Otto Wallach was born on March 27, 1847, in Königsberg, Prussia (now a part of Russia). Wallach was awarded the Nobel Prize for Chemistry in 1910 for his work on alicyclic compounds and aromatic essential oils. He is most recognized for his studies in aniline dyes and his pioneer work in organic chemistry.
In 1865, he went to the University of Göttingen to study chemistry, but soon moved to Berlin to be an understudy to A.W. Hoffman and G. Magnus. After a semester in Berlin, Wallach returned to Göttingen to receive his doctorate after only five semesters of studying and research.
In 1870, Wallach had to leave his studies for military service in the Franco-Prussian War. After the war, he returned to Berlin to work in the firm "Aktien-Gesellschaft für Anilin-Fabrikation" (later "Agfa"). Due to the chemicals in the factory, however, Wallach left Berlin in 1872 and moved to University of Bonn where he remained for the next several decades. It is there where he began his work on organic chemistry. In 1876, Wallach was appointed Professor Extraordinary.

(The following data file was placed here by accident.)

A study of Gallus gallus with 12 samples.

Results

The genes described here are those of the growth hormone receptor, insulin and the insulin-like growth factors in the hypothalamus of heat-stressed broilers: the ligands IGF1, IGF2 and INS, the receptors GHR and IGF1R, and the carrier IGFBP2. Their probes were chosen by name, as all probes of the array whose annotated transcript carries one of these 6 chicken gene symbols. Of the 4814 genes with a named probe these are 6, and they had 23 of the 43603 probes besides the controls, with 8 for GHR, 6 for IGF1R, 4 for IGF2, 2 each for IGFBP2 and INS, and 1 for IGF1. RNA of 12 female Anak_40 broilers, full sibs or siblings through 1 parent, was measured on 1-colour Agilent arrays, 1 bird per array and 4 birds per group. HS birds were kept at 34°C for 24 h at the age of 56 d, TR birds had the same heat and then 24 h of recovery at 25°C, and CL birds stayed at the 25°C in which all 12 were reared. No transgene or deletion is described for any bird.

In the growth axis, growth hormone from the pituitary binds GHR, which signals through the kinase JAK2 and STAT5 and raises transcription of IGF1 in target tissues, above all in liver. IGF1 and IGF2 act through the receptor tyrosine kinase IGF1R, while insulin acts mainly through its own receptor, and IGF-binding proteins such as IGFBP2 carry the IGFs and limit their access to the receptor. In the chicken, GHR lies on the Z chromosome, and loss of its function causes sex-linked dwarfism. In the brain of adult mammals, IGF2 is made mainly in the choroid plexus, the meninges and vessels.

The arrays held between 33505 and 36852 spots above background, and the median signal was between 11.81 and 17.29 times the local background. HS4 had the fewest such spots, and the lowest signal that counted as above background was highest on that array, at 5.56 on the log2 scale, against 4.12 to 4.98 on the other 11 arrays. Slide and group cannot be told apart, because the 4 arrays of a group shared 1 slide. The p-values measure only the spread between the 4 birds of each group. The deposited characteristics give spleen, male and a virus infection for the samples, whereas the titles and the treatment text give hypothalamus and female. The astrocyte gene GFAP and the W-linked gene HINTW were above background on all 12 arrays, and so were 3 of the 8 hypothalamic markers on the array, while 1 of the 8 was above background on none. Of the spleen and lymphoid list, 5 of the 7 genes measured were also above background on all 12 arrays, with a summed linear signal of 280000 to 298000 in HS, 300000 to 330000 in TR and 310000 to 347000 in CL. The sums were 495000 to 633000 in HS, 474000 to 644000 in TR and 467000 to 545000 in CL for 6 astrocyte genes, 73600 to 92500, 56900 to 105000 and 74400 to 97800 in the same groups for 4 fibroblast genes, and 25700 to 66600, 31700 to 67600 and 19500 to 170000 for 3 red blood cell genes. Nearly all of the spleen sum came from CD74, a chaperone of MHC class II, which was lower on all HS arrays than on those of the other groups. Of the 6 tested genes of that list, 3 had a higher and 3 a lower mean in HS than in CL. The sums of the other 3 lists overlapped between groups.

In 1884, Wallach wrote his first publication on the puzzlement of the range of various members of the C10H16 group. In 1889, he was made the Director of the Chemical Institute at Göttingen. For many years Wallach studied the structure and characters of alicyclic compounds, including hydrogen chloride. Wallach spent much of his research on the molecular structure of essential oils. He separated from the oils a group of fragrant materials that he called terepenes. In 1909, he published his results and conclusions in Terpene und Campher. It was this study of essential oils that would pave the way for future perfume industries. Finally, after years of service, Wallach retired from work in 1915.
Beyond receiving the Nobel Prize, Wallach was honored with numerous other awards. These honors included the Honorary Fellowships of the Chemical Society in 1908 and the Davy Medal in gold and silver in 1912. Otto Wallach died in Göttingen on February 26, 1931, at the age of 90.